Chapter 397

Dampness

The plaintiffs (=pl) bought an apartment from the defendants (=def) in August. After the first autumn rains, pl noticed dampness in the walls in three locations in the apartment. They had the apartment fixed at a cost of 1,500 shekels and estimate the cost of time taken off from work to find and supervise a contractor at another 1,100 shekels. All agree that pl asked about the existence of dampness before buying. Def claim that they informed pl about two areas of dampness; pl deny this. Def also claim that if pl are being so exacting, they want to offset any award with compensation for pl’s significant lateness in two purchase payments.
Various RabbisShvat 2 5777
P'ninat Mishpat (576)
Various Rabbis
396 - Connection between a Leak and a Broken Washing Machine
397 - Dampness

Ruling: While there is a dispute whether def disclosed information on dampness, this is not critical to arrive at a ruling for the following reason.
Par. 3b of the sales contract states that the apartment is transferred "as is," with all its elements in basic working order, and that the seller confirms that he is unaware of any hidden blemishes. Par. 3f states that pl checked the apartment, in line with the seller’s statement, and relinquish any claims of blemishes except for hidden blemishes that are revealed within a reasonable amount of time.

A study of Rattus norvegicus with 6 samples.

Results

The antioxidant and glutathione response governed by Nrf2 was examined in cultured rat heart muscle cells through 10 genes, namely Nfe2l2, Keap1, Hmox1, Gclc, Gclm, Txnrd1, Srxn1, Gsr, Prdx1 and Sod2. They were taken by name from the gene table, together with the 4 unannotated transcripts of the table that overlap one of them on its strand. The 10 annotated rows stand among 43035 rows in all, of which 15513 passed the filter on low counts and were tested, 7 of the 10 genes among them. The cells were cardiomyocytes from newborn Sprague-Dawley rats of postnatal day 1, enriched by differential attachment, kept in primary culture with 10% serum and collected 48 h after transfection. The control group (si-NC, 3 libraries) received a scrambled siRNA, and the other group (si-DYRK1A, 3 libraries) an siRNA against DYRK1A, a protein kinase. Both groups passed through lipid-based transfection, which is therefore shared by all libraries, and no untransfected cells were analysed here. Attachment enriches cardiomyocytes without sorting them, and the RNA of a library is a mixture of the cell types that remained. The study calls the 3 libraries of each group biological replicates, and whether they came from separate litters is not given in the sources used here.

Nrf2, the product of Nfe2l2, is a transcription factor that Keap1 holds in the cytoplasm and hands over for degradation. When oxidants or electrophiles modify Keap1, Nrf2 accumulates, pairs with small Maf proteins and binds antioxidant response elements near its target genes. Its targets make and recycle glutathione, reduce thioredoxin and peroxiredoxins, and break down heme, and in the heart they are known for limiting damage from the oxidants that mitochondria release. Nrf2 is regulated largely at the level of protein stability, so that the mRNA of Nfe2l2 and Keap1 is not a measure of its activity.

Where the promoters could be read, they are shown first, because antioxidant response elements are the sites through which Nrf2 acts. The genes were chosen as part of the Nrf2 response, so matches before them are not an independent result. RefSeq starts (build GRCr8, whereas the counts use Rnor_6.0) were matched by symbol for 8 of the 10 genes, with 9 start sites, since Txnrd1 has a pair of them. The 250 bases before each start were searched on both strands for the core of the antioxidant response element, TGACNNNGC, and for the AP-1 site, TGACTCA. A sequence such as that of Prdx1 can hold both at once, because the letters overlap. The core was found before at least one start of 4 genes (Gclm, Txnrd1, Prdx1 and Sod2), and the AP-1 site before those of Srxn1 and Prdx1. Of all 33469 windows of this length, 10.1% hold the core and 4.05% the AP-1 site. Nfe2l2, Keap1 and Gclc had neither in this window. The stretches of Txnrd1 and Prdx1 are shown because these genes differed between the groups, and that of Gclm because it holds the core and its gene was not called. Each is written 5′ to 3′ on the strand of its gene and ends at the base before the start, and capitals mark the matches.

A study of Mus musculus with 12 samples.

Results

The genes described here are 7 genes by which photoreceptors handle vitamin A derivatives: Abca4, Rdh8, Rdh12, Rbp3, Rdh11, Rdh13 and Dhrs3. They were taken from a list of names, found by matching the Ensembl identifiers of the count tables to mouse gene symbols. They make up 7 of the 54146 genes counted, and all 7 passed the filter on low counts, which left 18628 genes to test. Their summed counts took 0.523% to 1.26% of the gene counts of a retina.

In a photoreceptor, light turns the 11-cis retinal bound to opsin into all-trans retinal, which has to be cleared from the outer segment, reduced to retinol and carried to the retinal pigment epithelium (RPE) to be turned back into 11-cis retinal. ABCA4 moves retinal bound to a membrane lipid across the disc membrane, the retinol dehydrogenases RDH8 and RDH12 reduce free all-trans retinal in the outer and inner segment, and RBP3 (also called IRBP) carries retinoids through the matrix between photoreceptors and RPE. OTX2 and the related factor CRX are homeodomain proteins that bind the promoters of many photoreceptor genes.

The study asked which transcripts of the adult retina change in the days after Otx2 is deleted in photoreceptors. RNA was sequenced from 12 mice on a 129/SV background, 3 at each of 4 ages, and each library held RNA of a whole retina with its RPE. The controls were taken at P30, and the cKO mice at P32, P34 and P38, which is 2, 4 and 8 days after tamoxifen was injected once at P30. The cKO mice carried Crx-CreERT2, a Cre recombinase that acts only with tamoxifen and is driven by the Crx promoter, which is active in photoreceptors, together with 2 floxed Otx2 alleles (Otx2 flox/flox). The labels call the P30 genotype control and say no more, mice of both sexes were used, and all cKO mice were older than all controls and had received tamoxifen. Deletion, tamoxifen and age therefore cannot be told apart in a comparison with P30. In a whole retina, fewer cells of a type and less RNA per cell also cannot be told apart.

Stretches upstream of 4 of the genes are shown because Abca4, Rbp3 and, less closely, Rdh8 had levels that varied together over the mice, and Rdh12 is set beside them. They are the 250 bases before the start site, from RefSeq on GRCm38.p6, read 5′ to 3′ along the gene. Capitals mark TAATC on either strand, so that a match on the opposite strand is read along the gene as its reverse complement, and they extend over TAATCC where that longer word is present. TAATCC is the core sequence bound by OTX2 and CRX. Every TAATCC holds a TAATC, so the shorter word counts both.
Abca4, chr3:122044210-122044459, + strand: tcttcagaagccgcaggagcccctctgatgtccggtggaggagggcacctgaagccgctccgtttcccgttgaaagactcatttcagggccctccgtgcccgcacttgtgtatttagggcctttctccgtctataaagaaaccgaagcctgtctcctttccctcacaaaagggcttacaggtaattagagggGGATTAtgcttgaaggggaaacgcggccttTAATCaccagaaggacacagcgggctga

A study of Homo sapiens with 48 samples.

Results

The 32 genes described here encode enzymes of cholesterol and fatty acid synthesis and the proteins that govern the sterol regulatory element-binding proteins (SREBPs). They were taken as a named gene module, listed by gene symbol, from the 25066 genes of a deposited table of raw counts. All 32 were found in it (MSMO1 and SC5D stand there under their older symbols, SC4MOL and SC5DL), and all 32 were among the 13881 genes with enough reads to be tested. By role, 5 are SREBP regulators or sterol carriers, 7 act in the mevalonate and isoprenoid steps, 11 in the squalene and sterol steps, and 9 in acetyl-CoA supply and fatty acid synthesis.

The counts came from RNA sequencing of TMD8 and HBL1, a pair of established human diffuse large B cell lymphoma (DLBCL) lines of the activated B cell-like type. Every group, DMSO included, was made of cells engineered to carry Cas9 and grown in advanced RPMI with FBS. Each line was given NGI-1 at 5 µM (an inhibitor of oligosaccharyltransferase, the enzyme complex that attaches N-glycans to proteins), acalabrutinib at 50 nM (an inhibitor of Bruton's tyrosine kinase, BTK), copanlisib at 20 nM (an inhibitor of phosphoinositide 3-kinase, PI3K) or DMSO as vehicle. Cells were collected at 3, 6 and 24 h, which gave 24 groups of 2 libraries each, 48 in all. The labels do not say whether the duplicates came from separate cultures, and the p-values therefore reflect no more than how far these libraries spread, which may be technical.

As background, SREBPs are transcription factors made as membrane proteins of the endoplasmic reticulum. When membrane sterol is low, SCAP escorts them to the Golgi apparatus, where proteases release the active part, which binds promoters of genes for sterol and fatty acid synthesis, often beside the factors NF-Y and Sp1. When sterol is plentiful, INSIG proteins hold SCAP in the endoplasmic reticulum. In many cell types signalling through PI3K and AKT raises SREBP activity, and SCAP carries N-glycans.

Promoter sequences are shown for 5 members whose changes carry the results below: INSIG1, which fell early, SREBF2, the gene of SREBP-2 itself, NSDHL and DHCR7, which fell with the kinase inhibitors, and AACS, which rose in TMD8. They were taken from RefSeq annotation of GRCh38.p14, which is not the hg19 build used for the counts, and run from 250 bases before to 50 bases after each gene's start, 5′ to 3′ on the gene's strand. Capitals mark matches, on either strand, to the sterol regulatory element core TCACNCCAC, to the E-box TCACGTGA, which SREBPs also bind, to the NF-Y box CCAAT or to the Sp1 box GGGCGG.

The sides dispute the application of these principles. Def claim that pl knew or should have known about the dampness, whereas pl claim that dampness in walls is a hidden blemish, in regard to which they did not relinquish rights. On this point, we agree with pl.
However, the contract does not address what the consequence of dampness is. One can claim that dampness is too small/common a blemish to be subject to steps against the seller. On the other hand, all agree that pl asked def whether there was dampness, which shows that it was important to them. We also reject def’s claim that one has to expect dampness in a 14 year-old building.
Halacha does not accept the approach of "let the buyer beware," as a buyer who was deceived can void the sale (see Shach, CM 227:14). On the other hand, when there is a blemish which is detectable and the buyer does not bother to check, there is a machloket whether he can complain about it (see Pitchei Teshuva, CM 232:1). The Shulchan Aruch (Choshen Mishpat 232:7) says that one cannot relinquish claims of blemishes in a sales item unless the blemish is known and specified. Two of the spots had peeled paint, which is a strong indication of dampness. In such cases, the Rashba (Shut I:1127) treats it like the relinquishing of rights to a known blemish. This is strengthened by the clause that states that pl checked the apartment with an architect, lawyer, and engineer, the latter of whom would certainly have found it.
One of the spots of dampness would have been hard to find. However, def claim that dampness at this spot did not exist before the sale. It is difficult to make a determination on such a matter. Therefore, we cannot extract payment from def. This makes the question of offsetting for late payment moot. But on a moral level, we note that it is strange for pl to be so exacting on a relatively small and common problem with the apartment such as minor dampness, while they were lax regarding something as basic as keeping to the payment schedule.